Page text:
Koronadal church firm versus Tampakan miningPublished by MAC on 2004-10-10
Koronadal church firm versus Tampakan mining
By Jeffery M. Tupas, Mindanews
Sunday, October 10, 2004
KORONADAL CITY -- The Catholic Church here is not about to pull their flag down over their opposition to the mining operation in the town of Tampakan, South Cotabato citing the adverse effects the operations could leave the environment and the communities in the area.
This despite the approval given by the B'laans, a group of Lumad (Indigenous Peoples), living near the mining site to the Sagittarius Mining Incorporated (SMI) to conduct mineral exploratory activities.
Earlier, the B'laans opposed the entry of the company.
The Salnaong Tribal Council was a staunch ally of the church in opposing the mining operations of the Western Mining Corporation (WMC), which previously owned the mining rights in Tampakan.
The WMC was later called the Tampakan Mineral Resources Corporation. Reports said people behind WMC are still the same people now running the SMI.
Father Romeo Catedral, director of the Social Action Center of the Diocese, admitted that while they were saddened by the natives' "change of heart" on mining issue, the Church will remain steadfast in its advocacy just to expose the "dark smoke" behind the mining explorations which started last year.
In a press conference, Catedral said the B'laans agreed to sign in favor of the mining activities after monetary rewards and other material lured them things including vehicles, school buildings, scholarships, and water system that the company gave them.
"We don't call it bribery, but deception. We believe that they were forced to go with the flow because of the present development projects, but with this they are endangering the future generation," the priest said.
Catedral said they are facing an invisible fence in their anti-mining campaign in upland areas because of the support given by the lumads to the company.
Because of this, they are strengthening their campaign against mining down to the low-lying communities of farmers and fishermen.
The priest's fear is anchored on the high possibility of contamination of water supply going down to these communities.
What is at stake now, he said, is not only the welfare of the lumads in Tampakan but also residents downstream Liguasan Marsh.
Tampakan is considered as significant watershed area by the Department of Environment and Natural Resources. It is said to be the headwater source of five major rivers in the province of South Cotabato and Sultan Kudarat.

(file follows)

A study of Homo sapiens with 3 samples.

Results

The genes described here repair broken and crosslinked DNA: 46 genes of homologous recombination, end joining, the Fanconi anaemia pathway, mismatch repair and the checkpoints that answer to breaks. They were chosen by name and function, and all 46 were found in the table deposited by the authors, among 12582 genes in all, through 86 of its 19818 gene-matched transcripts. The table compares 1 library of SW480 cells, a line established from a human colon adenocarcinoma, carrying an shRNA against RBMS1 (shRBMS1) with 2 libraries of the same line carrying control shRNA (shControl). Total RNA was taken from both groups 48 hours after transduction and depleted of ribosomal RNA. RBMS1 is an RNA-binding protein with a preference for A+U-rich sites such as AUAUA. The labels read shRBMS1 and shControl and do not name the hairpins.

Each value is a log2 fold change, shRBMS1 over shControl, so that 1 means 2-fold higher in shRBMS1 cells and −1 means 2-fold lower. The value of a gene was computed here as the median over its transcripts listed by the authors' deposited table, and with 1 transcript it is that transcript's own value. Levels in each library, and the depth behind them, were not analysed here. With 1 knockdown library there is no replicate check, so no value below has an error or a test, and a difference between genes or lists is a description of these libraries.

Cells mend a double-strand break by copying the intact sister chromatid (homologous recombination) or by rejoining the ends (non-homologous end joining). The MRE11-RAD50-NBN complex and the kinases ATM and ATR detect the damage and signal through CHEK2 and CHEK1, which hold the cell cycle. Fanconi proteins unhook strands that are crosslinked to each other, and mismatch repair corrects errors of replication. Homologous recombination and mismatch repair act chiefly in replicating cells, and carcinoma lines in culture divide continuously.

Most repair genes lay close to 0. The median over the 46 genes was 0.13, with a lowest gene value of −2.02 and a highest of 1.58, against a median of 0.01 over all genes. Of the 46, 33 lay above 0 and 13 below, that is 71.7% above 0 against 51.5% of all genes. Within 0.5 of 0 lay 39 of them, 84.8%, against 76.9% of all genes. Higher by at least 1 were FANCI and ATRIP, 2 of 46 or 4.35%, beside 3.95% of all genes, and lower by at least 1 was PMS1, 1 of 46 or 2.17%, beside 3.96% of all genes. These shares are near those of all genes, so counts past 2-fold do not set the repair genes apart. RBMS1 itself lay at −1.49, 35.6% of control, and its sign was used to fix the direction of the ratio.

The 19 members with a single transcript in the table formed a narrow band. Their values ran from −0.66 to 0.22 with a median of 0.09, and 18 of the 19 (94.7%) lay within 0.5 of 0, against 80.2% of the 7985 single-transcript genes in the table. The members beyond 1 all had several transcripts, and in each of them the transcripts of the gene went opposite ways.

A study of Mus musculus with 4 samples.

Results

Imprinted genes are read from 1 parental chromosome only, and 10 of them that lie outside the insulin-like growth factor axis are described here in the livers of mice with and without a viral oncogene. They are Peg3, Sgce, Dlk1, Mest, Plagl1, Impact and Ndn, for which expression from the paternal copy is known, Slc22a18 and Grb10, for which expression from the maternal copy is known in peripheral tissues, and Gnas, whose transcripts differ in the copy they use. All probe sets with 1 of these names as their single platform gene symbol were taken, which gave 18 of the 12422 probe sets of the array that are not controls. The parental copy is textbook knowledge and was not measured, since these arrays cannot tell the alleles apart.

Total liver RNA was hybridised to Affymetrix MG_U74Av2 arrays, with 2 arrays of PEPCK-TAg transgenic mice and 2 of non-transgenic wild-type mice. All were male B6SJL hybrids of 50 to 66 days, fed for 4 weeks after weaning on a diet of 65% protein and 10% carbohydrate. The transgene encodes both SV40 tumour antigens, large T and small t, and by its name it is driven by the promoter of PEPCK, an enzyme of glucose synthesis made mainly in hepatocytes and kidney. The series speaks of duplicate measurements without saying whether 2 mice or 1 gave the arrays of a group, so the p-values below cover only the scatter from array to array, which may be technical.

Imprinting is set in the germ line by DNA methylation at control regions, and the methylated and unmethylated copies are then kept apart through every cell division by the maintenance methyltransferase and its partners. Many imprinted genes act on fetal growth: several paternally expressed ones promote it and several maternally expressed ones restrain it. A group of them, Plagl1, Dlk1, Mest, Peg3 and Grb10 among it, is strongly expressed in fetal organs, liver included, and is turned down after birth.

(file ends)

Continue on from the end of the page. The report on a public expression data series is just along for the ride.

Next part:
Any mining operations within the area would adversely affect the water supply in the South Cotabato, North Cotabato, Sultan Kudarat, General Santos City areas.
Catderal added the Sagittarius mining operation is detrimental to the indigenous flora and fauna and could leave grave negative impact on the entire biodiversity of the region.
Rolando Doria, overall project coordinator of SMI, said the company is sincere in the implementation of responsible mining in Tampakan. This, he added, became the reason why they gained the trust and confidence of the lumads. Doria also said that the company is transparent to prove that they have
nothing to hide in their operations. He also aired confidence that their operations will never cause damages to lives and properties as popularly believed upon.
But not only the issue of environment has attracted the attention of anti-mining groups. The entry of the mining company in South Cotabatao also caused division among the lumads. Now, Catedral said, the lumads had changed their material preferences.
Eliezer Billanes, chairperson of the Coalition of Anti Mining Movements (CAMM) based in South Cotabato, said the lumads must understand that mining could never be the answer to their financial problems.
Billanes said the government should look for alternative development industries, which could help the lumads. He said that not only that mining will ruin the environment it will also endanger the lives of the people.
Catedral said there is no way that the people will benefit from mining but the transnational companies.